Saturday, June 12, 2010

Learning and Growing--Painting of a Salt Marsh

This painting, on 12" x 16" gallery wrapped canvas, has been a long time coming. I have felt stuck and put it away a few times. As I worked on it in May, it reached "near completion". Yet, I was uncertain about the best solution to a couple of issues. The foreground grasses were problematical, sometimes seeming too bland; then a change would overdo the variation in tone and color. Bland wasn't good, but I did not want the foreground to distract from the egrets (intended to be a focal point) or from allowing the viewer's eye to move about the scene. You may want to enlarge this image to get a better view of the egrets and other details.
Knowing that I would be working with my painting mentor Linda Blondheim again in June, I waited for her advice. I mentioned her e-critique service for painters in two February posts, the last time we worked together. Between her suggestions and some experimenting on my part, the piece is now in a good place. There will still be minor color adjustments with transparent glazes on the lightest grass tips and perhaps on the tree mass furthest forward on the right. These will be subtle enough that they will not show much in a photo. So, I decided to go ahead and show it to all y'all.
Although the reference photo was taken one January, that was a mild winter (unlike this year!), and the salt marsh did not look completely winter-like yet. Also, some of the color changes I made to pump up the visual interest of several areas slanted the scene toward a late autumn in look. We have hiked the wooded and marshland trails in Fort Caroline National Monument several times, both on our own and with family members visiting from other parts of the country. Every trail turn reveals new natural beauty in this park, part of an immense preserve spanning thousands of acres near the mouth of the St. Johns River here in Jacksonville, Florida.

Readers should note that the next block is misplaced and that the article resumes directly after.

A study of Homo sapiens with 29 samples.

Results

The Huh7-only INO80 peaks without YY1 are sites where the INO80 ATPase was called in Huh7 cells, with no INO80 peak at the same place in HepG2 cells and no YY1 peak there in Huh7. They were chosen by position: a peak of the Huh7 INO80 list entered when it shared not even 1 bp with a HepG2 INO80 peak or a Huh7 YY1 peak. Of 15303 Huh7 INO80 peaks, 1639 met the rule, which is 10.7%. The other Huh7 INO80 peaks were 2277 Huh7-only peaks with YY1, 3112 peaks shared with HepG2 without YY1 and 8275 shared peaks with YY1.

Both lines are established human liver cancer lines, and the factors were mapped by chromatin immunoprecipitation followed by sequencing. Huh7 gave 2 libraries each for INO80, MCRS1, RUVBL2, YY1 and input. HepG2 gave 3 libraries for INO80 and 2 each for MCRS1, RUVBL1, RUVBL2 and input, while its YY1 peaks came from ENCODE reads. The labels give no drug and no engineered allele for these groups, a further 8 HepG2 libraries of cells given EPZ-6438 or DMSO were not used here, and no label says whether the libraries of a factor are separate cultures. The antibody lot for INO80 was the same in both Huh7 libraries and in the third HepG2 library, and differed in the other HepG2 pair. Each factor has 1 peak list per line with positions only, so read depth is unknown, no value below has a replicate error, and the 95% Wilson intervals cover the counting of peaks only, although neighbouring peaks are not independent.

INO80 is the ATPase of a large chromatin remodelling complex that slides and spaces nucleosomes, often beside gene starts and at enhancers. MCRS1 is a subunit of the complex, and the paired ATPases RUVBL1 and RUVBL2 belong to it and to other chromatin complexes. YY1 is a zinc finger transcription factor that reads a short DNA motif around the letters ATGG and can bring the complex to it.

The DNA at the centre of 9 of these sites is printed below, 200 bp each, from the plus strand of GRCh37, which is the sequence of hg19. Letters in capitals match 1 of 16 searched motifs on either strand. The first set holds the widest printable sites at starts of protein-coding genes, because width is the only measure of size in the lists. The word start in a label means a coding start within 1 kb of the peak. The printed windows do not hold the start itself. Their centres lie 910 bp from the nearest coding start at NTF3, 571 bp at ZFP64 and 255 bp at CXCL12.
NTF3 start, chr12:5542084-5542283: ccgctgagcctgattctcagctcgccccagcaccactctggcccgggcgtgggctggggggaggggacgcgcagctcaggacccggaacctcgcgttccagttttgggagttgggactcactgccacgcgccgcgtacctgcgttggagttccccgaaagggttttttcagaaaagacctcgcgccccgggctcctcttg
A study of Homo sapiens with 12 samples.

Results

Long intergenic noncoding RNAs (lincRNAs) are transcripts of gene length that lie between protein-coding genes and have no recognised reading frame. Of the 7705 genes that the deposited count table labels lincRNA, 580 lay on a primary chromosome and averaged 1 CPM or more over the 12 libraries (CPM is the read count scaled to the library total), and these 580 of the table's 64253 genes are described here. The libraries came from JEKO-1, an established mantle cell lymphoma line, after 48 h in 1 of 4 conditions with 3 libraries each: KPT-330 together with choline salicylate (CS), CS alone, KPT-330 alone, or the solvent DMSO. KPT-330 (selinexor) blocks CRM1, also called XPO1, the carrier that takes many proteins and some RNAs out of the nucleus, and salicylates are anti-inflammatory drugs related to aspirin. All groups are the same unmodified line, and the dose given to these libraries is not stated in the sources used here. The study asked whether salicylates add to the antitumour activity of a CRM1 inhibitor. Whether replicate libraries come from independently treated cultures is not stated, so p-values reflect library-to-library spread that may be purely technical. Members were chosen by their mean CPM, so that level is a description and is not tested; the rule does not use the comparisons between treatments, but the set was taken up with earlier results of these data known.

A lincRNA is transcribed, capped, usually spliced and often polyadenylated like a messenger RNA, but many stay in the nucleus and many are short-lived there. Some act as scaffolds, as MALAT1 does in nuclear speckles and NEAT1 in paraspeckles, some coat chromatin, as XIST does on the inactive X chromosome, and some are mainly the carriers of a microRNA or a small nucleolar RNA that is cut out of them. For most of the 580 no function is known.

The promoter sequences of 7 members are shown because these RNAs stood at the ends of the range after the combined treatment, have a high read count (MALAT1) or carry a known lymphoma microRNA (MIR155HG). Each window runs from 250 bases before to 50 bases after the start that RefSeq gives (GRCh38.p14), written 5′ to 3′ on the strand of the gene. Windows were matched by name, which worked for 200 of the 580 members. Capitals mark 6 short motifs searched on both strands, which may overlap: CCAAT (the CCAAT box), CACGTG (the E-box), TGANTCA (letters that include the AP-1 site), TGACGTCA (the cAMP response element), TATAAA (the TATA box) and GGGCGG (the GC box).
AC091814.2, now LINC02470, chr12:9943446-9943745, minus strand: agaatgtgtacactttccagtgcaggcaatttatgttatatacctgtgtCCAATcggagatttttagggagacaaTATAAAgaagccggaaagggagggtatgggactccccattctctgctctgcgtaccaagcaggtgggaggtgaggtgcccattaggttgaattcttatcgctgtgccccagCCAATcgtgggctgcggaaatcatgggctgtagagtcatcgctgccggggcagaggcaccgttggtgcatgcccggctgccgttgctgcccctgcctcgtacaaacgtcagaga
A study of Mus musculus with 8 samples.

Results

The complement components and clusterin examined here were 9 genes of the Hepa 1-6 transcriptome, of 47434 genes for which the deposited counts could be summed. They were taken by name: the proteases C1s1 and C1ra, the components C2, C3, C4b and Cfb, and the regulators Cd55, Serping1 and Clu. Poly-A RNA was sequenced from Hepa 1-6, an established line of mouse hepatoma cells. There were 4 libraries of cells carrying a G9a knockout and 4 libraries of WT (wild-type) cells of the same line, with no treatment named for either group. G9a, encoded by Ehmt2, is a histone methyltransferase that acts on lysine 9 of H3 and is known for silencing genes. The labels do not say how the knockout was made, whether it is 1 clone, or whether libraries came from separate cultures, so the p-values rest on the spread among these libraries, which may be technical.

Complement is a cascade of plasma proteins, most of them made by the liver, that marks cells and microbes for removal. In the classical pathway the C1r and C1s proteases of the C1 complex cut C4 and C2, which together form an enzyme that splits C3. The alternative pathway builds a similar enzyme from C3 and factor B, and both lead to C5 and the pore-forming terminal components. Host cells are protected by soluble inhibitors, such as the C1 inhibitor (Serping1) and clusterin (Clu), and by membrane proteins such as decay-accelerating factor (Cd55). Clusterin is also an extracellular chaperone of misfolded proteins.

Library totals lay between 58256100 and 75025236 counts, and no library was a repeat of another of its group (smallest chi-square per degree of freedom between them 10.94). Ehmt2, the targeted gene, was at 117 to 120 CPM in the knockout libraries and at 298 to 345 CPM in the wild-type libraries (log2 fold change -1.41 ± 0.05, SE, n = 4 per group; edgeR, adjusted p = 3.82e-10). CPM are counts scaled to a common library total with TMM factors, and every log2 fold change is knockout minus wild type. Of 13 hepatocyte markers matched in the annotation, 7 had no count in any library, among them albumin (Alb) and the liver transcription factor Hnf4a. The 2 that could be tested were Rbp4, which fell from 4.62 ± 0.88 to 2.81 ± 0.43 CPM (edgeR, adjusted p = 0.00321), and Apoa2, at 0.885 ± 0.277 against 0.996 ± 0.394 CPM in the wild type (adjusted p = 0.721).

Question of the day: Isn't it interesting how some creations seem to come together in a flash (not only for painters, but for all creative individuals), and others unfold slowly?


  1. But oh the joy of seeing those creations come together, no matter the speed!

    This is a lovely scene, Mary, truly. I didn't even see the egret at first. What a delightful surprise!

  2. Thank you, Sherry for your sweet comments. Yes, that egret is small in the big old marsh, but shows up quite well when the painting is viewed "in person". The joy of creations coming together-----you've got that right!

  3. I think the layout is very effective. Keep my eyes on the water, the right side of the horizon, and then return back to the other party to a central point where catch herons. It's a very nice piece of art. I love how you express the depth of view. One can easily realize a large distance between individual plans. It's just a beautiful work of art.

  4. I very much appreciate your description of the way your eyes move through the scene, J.B.--especially since it is exactly what I had hoped for :>) ! Marshes are deceptively difficult to pant and to show the depth of view, so it is gratifying to hear that this works for you.

  5. You nailed it, Mary! You captured the atmosphere - that lazy haze! I look forward to this scene each time we travel I-95 and
    A-1-A. So beautiful! The gallery wrapped canvas keeps it open and on going! What a great job!

  6. Wow, Rosemary, you made my day with your complimentary response to this painting. Thank you very much for the encouragement and for your blogging friendship.